I came to Phoenix to cover the culmination of anti-immigrant law SB 1070, and I ended up in the beginning of it. I sat face to face with the political force behind the law: Arizona state Sen. Russell Pearce accepted our interview request.
He said he'd come to us. "Enemy territory," he called it. We waited for two hours in the sweltering heat. I thought for sure he'd be a no-show. He came through, but he made us drive to a tea party rally on his home turf of Mesa. We didn't exactly get a welcoming reception when they found out we were not FOX News.
In the 30-minute interview, we covered a lot of ground on issues related to the law he sponsored.
There were some good points made.
"You know, I am not going to apologize, nor should anyone else apologize for enforcing our laws. Our laws are not as harsh as Mexico's, our laws are not as harsh as most other countries'," he said. "We're very generous, we allow more people legally to come into the U.S. than any other civilized nation combined."
There also were some half-truths.
"There is no racial preference in this bill at all; as you can see, it applies under the Arizona Constitution, and in the U.S. Constitution we have what is called an Equal Protection Clause," he said.
"How do you distinguish them," I asked, "and what does an undocumented immigrant look like?"
"It has nothing to do with looks, it has to do with paperwork," he said. Well, no one believes that Latinos with an accent will not be targeted, regardless of their legal status.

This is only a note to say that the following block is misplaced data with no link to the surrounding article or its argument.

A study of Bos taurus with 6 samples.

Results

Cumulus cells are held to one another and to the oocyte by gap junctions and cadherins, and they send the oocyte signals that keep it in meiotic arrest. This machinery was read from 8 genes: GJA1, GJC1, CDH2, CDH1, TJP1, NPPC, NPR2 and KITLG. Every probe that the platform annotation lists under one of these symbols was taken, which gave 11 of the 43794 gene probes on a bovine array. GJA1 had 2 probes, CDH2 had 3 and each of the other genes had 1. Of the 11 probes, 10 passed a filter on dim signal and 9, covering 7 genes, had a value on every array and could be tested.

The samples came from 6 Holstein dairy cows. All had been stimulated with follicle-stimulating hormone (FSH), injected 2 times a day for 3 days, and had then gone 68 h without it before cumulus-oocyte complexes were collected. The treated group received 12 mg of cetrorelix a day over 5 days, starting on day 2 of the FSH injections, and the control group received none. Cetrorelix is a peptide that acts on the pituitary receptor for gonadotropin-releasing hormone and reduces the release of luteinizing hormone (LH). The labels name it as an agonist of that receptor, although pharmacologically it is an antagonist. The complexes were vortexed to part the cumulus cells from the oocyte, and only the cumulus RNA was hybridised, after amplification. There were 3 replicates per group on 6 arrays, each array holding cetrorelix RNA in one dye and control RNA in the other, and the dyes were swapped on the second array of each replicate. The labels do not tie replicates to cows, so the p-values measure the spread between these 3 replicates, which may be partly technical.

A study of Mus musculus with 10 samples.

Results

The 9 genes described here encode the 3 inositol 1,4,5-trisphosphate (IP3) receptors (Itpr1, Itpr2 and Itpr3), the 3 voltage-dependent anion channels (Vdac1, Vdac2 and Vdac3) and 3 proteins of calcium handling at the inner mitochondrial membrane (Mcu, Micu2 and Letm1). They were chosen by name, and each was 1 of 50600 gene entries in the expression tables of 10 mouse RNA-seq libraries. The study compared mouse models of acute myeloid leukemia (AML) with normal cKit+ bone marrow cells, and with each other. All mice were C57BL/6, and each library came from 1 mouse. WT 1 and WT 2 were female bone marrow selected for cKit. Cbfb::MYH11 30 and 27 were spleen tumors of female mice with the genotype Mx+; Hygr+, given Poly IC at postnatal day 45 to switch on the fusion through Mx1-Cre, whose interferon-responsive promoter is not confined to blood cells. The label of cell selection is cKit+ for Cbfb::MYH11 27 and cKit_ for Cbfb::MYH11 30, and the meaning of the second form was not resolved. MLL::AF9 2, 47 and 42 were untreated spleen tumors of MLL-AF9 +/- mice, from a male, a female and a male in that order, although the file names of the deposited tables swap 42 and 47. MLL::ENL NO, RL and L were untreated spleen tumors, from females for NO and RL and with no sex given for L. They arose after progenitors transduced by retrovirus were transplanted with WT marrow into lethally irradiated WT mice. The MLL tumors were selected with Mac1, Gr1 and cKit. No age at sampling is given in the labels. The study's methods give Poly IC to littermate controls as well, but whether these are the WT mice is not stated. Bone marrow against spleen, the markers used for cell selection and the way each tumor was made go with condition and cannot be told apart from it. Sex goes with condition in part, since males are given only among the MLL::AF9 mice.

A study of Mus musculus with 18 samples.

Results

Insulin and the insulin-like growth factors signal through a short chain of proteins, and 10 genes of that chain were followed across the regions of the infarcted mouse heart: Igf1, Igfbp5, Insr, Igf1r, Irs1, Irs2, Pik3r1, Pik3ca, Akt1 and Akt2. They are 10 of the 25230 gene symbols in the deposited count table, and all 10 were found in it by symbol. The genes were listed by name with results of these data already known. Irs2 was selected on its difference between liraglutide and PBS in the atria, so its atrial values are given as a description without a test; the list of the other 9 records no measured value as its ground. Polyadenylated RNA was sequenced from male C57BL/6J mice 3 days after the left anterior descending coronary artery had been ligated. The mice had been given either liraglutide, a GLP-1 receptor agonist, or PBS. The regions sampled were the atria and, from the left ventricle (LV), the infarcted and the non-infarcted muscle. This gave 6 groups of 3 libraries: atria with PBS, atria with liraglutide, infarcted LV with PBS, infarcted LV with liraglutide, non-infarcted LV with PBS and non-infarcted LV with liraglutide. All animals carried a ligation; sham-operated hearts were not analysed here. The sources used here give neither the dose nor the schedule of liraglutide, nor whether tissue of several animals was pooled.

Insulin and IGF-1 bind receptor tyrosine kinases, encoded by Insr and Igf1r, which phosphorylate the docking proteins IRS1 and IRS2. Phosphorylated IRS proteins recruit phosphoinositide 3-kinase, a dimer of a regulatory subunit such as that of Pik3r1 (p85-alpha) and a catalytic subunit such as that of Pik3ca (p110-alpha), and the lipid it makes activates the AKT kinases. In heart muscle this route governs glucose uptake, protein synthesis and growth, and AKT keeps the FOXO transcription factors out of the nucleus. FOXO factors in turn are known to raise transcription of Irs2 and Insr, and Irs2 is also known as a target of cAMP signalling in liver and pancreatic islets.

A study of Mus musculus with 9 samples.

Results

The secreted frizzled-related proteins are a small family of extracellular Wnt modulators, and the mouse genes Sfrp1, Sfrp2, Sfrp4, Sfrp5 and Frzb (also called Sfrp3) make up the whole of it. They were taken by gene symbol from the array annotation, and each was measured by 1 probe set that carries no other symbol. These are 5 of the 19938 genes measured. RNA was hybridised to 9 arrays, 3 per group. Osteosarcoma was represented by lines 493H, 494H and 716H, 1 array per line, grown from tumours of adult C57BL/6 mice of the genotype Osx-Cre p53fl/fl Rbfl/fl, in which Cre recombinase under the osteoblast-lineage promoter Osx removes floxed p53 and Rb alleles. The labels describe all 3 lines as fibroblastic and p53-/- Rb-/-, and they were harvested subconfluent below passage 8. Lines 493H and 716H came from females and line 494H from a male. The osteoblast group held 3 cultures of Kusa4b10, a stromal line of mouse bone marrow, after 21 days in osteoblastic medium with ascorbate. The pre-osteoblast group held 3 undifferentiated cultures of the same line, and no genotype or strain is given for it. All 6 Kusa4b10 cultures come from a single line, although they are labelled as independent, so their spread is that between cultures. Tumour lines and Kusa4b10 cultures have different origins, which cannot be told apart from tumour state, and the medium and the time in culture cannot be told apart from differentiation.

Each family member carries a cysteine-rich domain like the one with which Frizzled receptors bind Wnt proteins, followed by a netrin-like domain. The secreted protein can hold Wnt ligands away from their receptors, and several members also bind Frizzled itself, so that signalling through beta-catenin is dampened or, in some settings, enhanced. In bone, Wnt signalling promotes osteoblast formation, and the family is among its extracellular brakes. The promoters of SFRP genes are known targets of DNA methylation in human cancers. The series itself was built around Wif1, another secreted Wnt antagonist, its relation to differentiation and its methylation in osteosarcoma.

When the interview turned to his Mormon faith, its doctrine and the involvement of undocumented immigrants in the church, the man with the sharp tongue and pointed phrases had nothing to say. Mormon doctrine calls for upholding the law, but it also calls for all humans to be treated as children of God. "I am not going to get into religion," he said.
"There are many undocumented Hispanics in the Mormon Church who are sent out on missions and even serve as bishops," I told him.
"I am not going to get into religion," he said, again and again.
I insisted to Pearce that my question was not about religion but about law enforcement. Under SB 1070, anyone who harbors, aids or transports undocumented immigrants is committing a crime. "Should the Church of Latter-Day Saints also be sanctioned?" I asked.
He was forced to respond: "If they're doing that knowingly, handle them like anybody else. I do not support lawbreakers, I don't care what church they belong to."
From that uncomfortable moment, we went to the outrageous. Do his policies lack compassion? I asked.
"Which compassion? Should we have compassion for child molesters, burglars, rapists?" he asked.
"Is being in this country equivalent to being a rapist or child molester?" I asked.
"It's worse," he claimed.
"Is an undocumented criminal worse than a U.S.-born criminal?"
"Yes, he is," he said. "Those are crimes that should have been avoided. They have no business here, and government is complicit. Government has the blood on their hands for this, for their failure to enforce the law."
I wondered what his motivation was for such an extreme piece of legislation. Because his son was shot by an undocumented immigrant, could this be a personal vendetta?
"Yes," he said. "Who I hold accountable is my government. If government had done its job -- secured the border, enforced the laws -- that wouldn't have happened."
Does Pearce want all 12 million undocumented immigrants rounded up and deported? Not really. His objective in proposing SB 1070 and advising other states on similar legislation is to make life so impossible for undocumented immigrants that they will leave on their own. It's come to be known as "attrition through enforcement."
The consequences of his efforts are being felt across the country.
Salinas is a co-anchor on Univision.